Sunday, January 22, 2012

Happy New (Gardening) Year!

Today is one of my favorite days of winter—seed ordering day! Yesterday, while the Boyfriend was waxing his snowboard and doing very winter-like things, I hung out with him in the garage and pulled out my tub of seeds to take stock of what we had, what we needed, and what we could probably toss. It felt good just to hold all the seed packets in my hands and feel the seeds through the paper. It felt good to lose myself in thoughts of spring and green things. Each packet has a story or a memory—the tomato seeds I bought to grow for Mom's mother's day present, the green beans that didn't produce until October, the Siletz tomato seeds that have been with me since the Mini. I organized all the packets in a way that probably only made sense to me and would make any horticulturist or true gardener cringe.

Armed with my current inventory list, I sat down this morning with the seed catalog, which of course I had already perused and marked up, and decided what to order. I'm sure I ordered more than we need, but it's so hard to narrow it down. Here's the final order:

We're probably not doing melons or corn this year. After a couple disappointing years with both, we're going to give the space to something else this year. We're doing more beans, carrots, and squash. I'm also going to do more herbs since they dried so nicely in the food dehydrator last year. The flavor of our dried oregano doesn't even compare to what you buy in the store. I also want to grow dill this year, although I'm a bit nervous since I've been told it spreads like wildfire. However, with homegrown dill, Mom and I can probably make our pickles with almost all homegrown vegetables this year since I do garlic and we both do onions (her more successfully than me).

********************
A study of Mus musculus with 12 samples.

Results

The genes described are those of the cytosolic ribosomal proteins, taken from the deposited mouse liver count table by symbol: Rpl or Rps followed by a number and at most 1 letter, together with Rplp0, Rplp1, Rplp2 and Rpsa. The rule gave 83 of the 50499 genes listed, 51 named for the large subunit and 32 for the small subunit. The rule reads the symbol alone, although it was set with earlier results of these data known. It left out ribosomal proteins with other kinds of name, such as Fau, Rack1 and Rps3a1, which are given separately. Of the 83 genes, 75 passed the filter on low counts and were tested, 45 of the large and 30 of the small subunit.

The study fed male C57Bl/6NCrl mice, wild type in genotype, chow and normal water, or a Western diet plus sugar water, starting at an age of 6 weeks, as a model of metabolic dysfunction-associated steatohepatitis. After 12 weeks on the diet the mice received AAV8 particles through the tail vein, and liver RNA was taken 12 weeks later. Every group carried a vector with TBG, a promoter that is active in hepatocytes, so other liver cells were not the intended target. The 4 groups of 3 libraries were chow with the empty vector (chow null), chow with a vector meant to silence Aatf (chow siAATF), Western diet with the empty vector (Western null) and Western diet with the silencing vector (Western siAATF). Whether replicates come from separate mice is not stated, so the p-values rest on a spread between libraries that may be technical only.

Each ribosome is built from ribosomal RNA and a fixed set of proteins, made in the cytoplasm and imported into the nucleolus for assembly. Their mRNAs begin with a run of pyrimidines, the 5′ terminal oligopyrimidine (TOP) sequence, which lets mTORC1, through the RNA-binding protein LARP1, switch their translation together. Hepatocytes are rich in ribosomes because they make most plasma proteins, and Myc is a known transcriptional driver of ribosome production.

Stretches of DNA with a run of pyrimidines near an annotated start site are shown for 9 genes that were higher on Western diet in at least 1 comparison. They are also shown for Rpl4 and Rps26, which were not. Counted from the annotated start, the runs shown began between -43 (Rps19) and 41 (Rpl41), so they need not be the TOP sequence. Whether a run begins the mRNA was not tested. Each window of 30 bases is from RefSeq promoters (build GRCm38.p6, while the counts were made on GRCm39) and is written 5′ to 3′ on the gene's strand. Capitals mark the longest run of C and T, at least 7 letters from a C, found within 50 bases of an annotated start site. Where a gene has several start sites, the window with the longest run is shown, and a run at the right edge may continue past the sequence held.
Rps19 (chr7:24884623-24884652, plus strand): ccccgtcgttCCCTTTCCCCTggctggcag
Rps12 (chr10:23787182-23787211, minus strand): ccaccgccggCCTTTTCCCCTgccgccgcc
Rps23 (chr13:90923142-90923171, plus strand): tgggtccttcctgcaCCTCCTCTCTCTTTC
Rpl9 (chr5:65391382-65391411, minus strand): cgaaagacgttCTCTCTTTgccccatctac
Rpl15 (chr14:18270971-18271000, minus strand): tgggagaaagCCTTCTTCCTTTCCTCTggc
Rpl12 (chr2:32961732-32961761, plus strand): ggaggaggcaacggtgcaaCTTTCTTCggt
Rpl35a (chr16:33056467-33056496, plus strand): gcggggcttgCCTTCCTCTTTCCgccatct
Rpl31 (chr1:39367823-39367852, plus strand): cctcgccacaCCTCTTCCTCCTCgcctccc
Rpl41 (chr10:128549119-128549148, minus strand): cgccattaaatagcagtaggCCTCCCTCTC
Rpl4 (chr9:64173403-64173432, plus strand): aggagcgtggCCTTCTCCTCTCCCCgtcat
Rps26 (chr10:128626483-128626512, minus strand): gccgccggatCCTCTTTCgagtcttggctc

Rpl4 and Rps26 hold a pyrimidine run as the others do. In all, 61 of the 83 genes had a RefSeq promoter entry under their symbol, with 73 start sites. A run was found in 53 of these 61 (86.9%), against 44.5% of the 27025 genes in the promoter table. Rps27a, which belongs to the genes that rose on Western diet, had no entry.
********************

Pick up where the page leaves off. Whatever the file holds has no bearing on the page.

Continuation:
The logical part of me knows that spring is so very far away, but seed ordering day always makes me feel like we've turned the corner. When the seeds come in, I'll start some seeds indoors, invariably much too early, and start the weekly countdown to the average last frost date. I'll kill lots of seedlings and probably set my beautiful tomato starts outside much too early, forget about them some chilly night, and kill them, all just to start the process over again the next day, undeterred by how bad I apparently am at this seed starting thing. That's the miracle of it all: the hope and promise and potential that come with spring and each of those tiny little seeds is absolutely indestructible.